Take 5 Minutes Today to Speak Up on Public Charge

Blogs, Letters & Testimonials

December 10, 2018

Deadline for comments on proposed regulation is today:
Monday, December 10, 2018 at 11:59pm EST

Educators understand that when a student’s basic needs aren’t being met, that student experiences additional barriers to learning in the classroom. Educators know how food-insecurity, lack of stable housing, and lack of healthcare (including dental and vision care) impede a child’s ability to learn at school. SNAP, housing assistance, Medicaid, CHIP, and other supports help low-income parents meet their children’s basic needs. A new rule being proposed by the Trump Administration would threaten those vital services for children with immigrant parents.

When a person is seeking to enter the U.S. and applies for a U.S. visa, or when a person already in the country applies to become a Lawful Permanent Resident (LPR), one of the many considerations made by the U.S. Government is to determine whether that person would ever become a “public charge.” On October 10, 2018, the Trump Administration announced a proposed regulatory rule change that would dramatically broaden the definition of “public charge” from a person “likely to become primarily dependent on the government for subsistence” to a person “who receives one of more public benefits.

This rule change would reserve legal entry into the U.S. to a now highly-select group. Being too old (over 61 years old) or too young (under 18) would be negatively weighted in the “totality of circumstances test” under the proposed rule. Having a physical or mental health condition that could affect a person’s ability to work, attend school, or care for themselves would be weighed heavily against an applicant. Having limited English proficiency would be another negative for an applicant under the proposed rule. The new income test requires a person to earn over 125% of the federal poverty level and the only heavily weighed positive factor that can overcome a heavily negative one is having a household income of 250% ($63,000 for a family of four) of the federal poverty level. This is higher than the median income in the U.S.

As someone who immigrated to the U.S. as a child, I know the extreme circumstances that drive a family to uproot themselves and seek refuge in a new country. A system that penalizes people for not being able to meet their basic needs and rewards people for having financial resources above all else, is counter to what we as Americans hold to be just and fair.

This proposed change seems to be a tool to bar entry into the country for people who historically would be admitted. It disproportionately impacts Latinos – many of whom are trying to escape violence in their home countries – and people of color.

Number & Percentage of Those Who Would Be Barred Entry Into U.S. By Race & Ethnicity:

  • 3 million Latinos (>33.4% of Latinos)
  • 2 million Asian/API (>17.4%)
  • 8 million Black and African (>4%)
  • 5 million Whites (>1%)

Source: Protecting Immigrant Families


The proposed changes would also impact millions of people already living in the U.S. who are on their pathway to becoming LPRs. These are people who have jobs or who are attending institutions of higher education, who are paying taxes, and many have children who are U.S. citizens attending public schools.

According to an Urban Institute report issued last week, in nine states citizen-children living with non-citizen parents account for 1 in 5 of all Medicaid and CHIP enrollees. Those children may not get the health care they need and, in some instances, may face health emergencies if their parents fear bringing them in for routine medical care. These children may also fail to progress in school due to lack of nutrition assistance. According to the Center for Budget and Policy Priorities, “research suggests that SNAP participation can lead to gains in reading and math skills among elementary school children, especially young girls, and increase their chances of graduating from high school.”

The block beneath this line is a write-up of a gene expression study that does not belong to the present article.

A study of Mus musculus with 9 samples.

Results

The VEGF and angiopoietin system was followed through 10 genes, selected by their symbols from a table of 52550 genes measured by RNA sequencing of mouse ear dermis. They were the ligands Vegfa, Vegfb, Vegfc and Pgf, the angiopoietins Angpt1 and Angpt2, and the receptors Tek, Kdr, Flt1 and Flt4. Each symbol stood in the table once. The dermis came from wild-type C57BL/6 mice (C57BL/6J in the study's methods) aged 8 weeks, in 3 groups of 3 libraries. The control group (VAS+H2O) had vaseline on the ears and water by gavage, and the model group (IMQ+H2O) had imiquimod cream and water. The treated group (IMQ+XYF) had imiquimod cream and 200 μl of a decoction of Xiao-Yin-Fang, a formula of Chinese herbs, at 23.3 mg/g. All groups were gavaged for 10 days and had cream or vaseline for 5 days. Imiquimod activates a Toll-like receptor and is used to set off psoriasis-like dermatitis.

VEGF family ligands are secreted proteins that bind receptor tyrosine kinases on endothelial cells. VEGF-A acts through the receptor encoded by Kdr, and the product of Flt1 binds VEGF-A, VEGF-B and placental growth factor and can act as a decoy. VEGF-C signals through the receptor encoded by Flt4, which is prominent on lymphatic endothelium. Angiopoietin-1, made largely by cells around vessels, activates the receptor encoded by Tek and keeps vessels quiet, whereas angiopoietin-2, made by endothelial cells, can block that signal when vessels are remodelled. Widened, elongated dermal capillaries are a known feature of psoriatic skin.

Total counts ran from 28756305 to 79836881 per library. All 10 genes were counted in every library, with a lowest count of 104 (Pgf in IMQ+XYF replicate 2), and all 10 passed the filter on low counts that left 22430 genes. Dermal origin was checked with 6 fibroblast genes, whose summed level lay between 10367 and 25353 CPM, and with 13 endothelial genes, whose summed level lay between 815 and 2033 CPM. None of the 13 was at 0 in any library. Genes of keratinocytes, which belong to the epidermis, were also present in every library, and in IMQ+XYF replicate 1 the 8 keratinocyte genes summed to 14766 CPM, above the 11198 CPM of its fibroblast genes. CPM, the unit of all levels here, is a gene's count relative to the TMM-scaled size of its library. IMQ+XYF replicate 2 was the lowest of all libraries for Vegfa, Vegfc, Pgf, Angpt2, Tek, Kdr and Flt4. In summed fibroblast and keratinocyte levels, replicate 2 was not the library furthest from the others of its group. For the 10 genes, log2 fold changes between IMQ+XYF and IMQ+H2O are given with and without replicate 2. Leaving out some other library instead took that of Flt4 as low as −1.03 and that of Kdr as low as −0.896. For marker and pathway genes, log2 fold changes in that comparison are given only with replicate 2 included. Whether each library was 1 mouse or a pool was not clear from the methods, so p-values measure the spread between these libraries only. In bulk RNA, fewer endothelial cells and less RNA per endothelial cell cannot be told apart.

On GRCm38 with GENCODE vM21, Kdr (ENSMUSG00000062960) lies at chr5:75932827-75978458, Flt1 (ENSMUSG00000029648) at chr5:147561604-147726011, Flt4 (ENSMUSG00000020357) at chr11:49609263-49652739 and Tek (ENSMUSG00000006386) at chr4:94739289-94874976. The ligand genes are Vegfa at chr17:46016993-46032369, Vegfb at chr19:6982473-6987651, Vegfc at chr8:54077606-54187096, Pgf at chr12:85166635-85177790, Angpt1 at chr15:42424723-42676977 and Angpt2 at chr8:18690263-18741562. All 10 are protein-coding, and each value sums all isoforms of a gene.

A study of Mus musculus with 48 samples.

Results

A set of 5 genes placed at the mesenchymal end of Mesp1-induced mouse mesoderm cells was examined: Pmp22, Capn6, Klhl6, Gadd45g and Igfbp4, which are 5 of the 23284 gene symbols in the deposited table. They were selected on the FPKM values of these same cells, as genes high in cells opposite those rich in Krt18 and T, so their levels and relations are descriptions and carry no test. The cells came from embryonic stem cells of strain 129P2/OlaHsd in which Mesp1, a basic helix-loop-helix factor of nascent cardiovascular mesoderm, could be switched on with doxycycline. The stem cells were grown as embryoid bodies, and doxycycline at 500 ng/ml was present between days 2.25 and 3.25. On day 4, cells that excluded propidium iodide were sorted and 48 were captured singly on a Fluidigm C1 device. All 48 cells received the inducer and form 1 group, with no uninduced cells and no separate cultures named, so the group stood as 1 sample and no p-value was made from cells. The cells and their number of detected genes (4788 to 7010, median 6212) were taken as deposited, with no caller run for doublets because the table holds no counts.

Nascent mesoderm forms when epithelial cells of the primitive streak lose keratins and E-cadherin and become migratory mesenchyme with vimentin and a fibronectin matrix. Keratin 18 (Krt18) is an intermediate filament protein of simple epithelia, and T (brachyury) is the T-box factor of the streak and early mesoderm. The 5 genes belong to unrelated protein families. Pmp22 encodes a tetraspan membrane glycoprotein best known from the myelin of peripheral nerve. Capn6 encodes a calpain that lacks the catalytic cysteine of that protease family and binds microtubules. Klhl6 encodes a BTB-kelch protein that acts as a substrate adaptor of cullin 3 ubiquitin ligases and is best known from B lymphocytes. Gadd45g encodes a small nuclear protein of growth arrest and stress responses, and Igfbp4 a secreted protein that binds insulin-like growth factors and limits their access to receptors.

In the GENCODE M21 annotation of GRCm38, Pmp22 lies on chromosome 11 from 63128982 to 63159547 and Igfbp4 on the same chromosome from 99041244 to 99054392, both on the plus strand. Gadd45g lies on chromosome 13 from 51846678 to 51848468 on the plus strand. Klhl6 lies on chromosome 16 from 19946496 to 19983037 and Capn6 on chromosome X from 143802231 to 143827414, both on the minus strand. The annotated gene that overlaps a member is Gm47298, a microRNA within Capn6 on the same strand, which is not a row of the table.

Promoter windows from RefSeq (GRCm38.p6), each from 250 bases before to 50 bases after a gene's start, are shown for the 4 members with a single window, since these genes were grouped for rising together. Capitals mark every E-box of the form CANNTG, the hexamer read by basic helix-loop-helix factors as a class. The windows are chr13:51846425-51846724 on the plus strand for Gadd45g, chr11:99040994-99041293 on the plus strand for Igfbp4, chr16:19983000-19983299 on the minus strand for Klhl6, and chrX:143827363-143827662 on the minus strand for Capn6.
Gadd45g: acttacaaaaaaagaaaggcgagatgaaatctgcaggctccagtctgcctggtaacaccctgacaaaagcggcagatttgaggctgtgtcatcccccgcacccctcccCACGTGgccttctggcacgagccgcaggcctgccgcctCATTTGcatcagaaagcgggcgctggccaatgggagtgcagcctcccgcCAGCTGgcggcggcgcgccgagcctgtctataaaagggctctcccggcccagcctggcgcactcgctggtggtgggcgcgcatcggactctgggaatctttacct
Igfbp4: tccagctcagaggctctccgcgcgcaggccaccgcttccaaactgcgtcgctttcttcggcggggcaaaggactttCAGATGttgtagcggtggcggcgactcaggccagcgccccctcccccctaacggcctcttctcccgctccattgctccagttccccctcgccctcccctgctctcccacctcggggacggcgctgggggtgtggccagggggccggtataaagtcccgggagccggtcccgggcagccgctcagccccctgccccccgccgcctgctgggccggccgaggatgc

When parents are afraid to access critical services to meet their basic needs, our most vulnerable students will be the most adversely impacted. Join the growing wave of education advocates pushing back on this seemingly obscure proposed regulation. Your voice matters more in these final days so please take five minutes today and submit a comment on the U.S. Citizens and Immigration Services proposed rule at regulations.gov.

Here is a sample comment from Protecting Immigrant Families:

I am writing you to express my strong opposition to President Trump’s proposed “public charge” regulation. This policy is an extension of a larger effort to tear families apart, and as an American, I find this policy absolutely shameful. New immigrants bring new ideas and energy to our nation.

Here’s an important fact I urge the Department of Homeland Security to consider: one-third of U.S.-born citizens would struggle to pass this proposed public charge wealth test. This unjust rule would essentially put a price tag on green cards, turning our immigration system into one that heavily favors prospective immigrants with wealth, over those who seek upward mobility. The rule would warp a system that for centuries has brought millions of immigrants to our shores and has enriched our country and economy overall.

If this rule moves forward, no longer would we serve as a beacon for the world’s dreamers and strivers. Instead, America’s doors will be open only to the highest bidder.

For more resources, visit https://protectingimmigrantfamilies.org/

Dana Laurens is the Senior Associate for Policy & Advocacy at ERN.